1/22/07

That's So...Literary!

Last week, I received the results of the second of two contests I entered last September, back before I had joined my critique circle and turned the first three chapters of Serenade into something readable. Two judges gave me really choice marks for my prose, with the suggestion that I need to better balance dialogue with descriptions (fair enough!), but one totally slammed me for that same reason. However, and this is the interesting bit, she based the "slams" on her impression that Serenade read as "literary fiction."

Oh, woe! Not that! Hideous thing...to be considered literary. For a romance genre contest it won me no prize, but I am not particularly messed up about that feedback.

Anyway, this got me thinking about the rather low expectations some romance readers seem to have with regard to style. Storytelling -- the connection between the hero and heroine, the believability of their romance, the happy satisfaction of all plot concerns -- trumps all. Perhaps this is why I cannot find contentment in reading only romances. Poetic language, metaphorical variety, and clever descriptions are not requirements for a good romance, but I miss them in more straight-forward fare. Make it hot. Make it emotional. But make it beautiful? That seems an afterthought, if an author considers it at all.

Two of my favorite literary authors, Ian McEwan and Helen Dunmore, write on the opposite end of the spectrum. They use language in such a way as to make me green, green, green. I savor whole paragraphs and read them again just to take in the turns of phrase and the original (to me, anyway) imagery. Granted, I have to psyche myself up for their work because they are such deep, intense reads. These are not the kind of books I can absorb in a day or two, and on occasion, my obsession with their language stands at odds with the pacing. But it all comes down to expectation.

Obviously, the woman who judged my entry went into the process with a different expectation. My hope, as I work to become a better writer, is that I can find a balance between a compelling story and lovely language. In the meantime, I keep searching for authors who have already achieved that heady combination. Any suggestions? Who weaves a really beautiful romance without skimping on beautiful prose?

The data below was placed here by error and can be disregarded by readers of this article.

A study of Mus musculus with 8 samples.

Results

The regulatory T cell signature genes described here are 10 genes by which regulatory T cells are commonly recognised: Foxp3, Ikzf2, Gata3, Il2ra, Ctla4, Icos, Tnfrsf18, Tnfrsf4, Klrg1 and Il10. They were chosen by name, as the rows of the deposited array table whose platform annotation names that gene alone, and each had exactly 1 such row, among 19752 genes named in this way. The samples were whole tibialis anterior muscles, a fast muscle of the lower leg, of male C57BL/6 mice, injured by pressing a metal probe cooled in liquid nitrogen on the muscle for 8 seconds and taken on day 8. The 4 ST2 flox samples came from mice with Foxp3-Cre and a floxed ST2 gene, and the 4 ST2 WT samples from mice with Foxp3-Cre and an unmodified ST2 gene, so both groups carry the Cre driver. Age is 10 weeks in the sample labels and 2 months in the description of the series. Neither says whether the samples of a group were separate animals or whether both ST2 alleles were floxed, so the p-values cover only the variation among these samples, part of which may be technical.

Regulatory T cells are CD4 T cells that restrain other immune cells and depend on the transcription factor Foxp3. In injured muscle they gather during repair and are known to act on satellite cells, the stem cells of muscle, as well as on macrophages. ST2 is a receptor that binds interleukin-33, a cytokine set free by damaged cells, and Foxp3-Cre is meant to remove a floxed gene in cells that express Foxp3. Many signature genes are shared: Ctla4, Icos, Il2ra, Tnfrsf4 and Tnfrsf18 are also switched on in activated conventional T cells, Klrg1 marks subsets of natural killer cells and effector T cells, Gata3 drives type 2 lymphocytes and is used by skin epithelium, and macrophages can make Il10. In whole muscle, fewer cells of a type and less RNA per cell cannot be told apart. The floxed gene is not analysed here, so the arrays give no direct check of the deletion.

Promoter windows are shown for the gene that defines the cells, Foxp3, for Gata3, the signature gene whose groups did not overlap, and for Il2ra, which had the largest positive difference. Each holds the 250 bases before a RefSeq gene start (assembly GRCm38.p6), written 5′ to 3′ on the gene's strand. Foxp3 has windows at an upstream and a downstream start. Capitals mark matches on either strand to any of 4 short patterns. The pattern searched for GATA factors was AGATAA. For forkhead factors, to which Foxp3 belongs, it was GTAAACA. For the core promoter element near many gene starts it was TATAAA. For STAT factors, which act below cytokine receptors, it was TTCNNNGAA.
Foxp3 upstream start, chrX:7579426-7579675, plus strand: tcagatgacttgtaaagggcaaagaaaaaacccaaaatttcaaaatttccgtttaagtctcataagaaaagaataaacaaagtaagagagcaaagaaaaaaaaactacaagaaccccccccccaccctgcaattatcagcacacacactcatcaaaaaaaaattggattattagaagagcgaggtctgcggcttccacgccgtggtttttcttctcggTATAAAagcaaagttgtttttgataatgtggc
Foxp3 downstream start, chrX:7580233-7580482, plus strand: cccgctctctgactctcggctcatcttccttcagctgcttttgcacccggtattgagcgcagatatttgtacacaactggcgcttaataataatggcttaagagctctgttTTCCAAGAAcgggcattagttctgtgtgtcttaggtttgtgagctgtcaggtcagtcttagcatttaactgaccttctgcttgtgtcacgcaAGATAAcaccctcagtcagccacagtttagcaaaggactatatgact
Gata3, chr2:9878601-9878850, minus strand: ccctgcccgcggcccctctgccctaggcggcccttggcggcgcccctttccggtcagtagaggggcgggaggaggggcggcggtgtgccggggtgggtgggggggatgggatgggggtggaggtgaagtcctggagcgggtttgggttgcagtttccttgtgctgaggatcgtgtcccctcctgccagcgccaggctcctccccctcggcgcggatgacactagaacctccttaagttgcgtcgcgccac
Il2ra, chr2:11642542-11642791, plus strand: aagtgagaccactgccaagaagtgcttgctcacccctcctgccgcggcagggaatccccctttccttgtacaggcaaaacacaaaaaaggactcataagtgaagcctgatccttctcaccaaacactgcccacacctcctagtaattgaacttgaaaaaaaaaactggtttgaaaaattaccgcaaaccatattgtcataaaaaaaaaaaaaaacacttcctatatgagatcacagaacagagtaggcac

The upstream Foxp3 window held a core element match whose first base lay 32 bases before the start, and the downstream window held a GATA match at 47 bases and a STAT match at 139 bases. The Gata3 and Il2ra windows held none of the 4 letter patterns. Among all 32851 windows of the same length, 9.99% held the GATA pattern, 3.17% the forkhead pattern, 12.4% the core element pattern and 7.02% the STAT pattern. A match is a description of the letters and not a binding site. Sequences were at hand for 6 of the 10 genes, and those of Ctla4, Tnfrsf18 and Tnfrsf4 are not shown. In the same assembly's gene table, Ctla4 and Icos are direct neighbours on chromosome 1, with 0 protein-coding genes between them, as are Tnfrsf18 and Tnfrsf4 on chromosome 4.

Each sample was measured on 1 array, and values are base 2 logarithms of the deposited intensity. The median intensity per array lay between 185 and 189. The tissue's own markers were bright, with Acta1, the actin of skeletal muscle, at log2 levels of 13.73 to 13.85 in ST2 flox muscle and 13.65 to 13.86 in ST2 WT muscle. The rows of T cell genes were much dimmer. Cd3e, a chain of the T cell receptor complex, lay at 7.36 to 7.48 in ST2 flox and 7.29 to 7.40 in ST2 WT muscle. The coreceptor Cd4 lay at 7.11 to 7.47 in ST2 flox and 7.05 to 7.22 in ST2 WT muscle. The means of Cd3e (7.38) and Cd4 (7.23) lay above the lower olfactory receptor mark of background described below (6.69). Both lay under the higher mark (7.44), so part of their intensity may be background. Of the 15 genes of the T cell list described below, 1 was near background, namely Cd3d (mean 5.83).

7 comments:

Darla said...

I suppose it depends on how one defines "literary."

Beautiful romance with beautiful prose? Laura Kinsale has blown me away with the combination a few times, but I probably wouldn't call her "literary."

Jennifer Stevenson's Trash Sex Magic was more literary, I thought--it was full of metaphor and imagery. A little too much so for my taste, which runs to the more mundane. I don't read poetry, either: curse of the linear mind. Friends who are more abstract in their thinking loved it, though. It's worth checking out.

Ann(ie) said...

Laura Kinsale is the first one to pop into my head as well. The only name, actually.

Kate R said...

Judith Ivory.

That judge cracks me up.
I can imagine her moaning.
"OMIGOD These people are THINKING? The writer displays some kinda intelligence? That's so . . .so much of a turrrrrrrn offfffff."

TOday I learned something new: It turns out readers who claim romance can't show intelligence and be legit are just as annoying as the writers who claim that the crowds hate their fiction because it's too intellectual for the hoi polloi.

I had run across the anti-brain-in-romance thing but as a matter of personal taste. And okay, I can imagine a reader thinking "I'm not up for something that has anything about any culture but my own. I'm not interested in learning shit. I want so skim familiar phrases so I don't have to think." That's a reflection of preference.

To slam a writer? IN a contest? Whoa, now that's an Abomination. I'd contact the coordinator. Tell her that the Famous Author Kat Othwell (as featured in the Hartford Advocate) claims the judge is a clueless goober.

carrie_lofty said...

OMG -- big giggles, Kate. Can Famous Author Kat Othwell write me a blurb?

(It's a name! You're right -- how hard is that?? That dillweed needed to check his facts!)

Kate R said...

and you need to read Judith Ivory if you haven't but I bet you have.

carrie_lofty said...

I haven't, because I'm a hermit. Recs?

Ann(ie) said...

I like the stuff she put out as Judy Cuevas more. Try Dance and Bliss. They're beautiful and so intense. Also have unusual settings, you'll love them.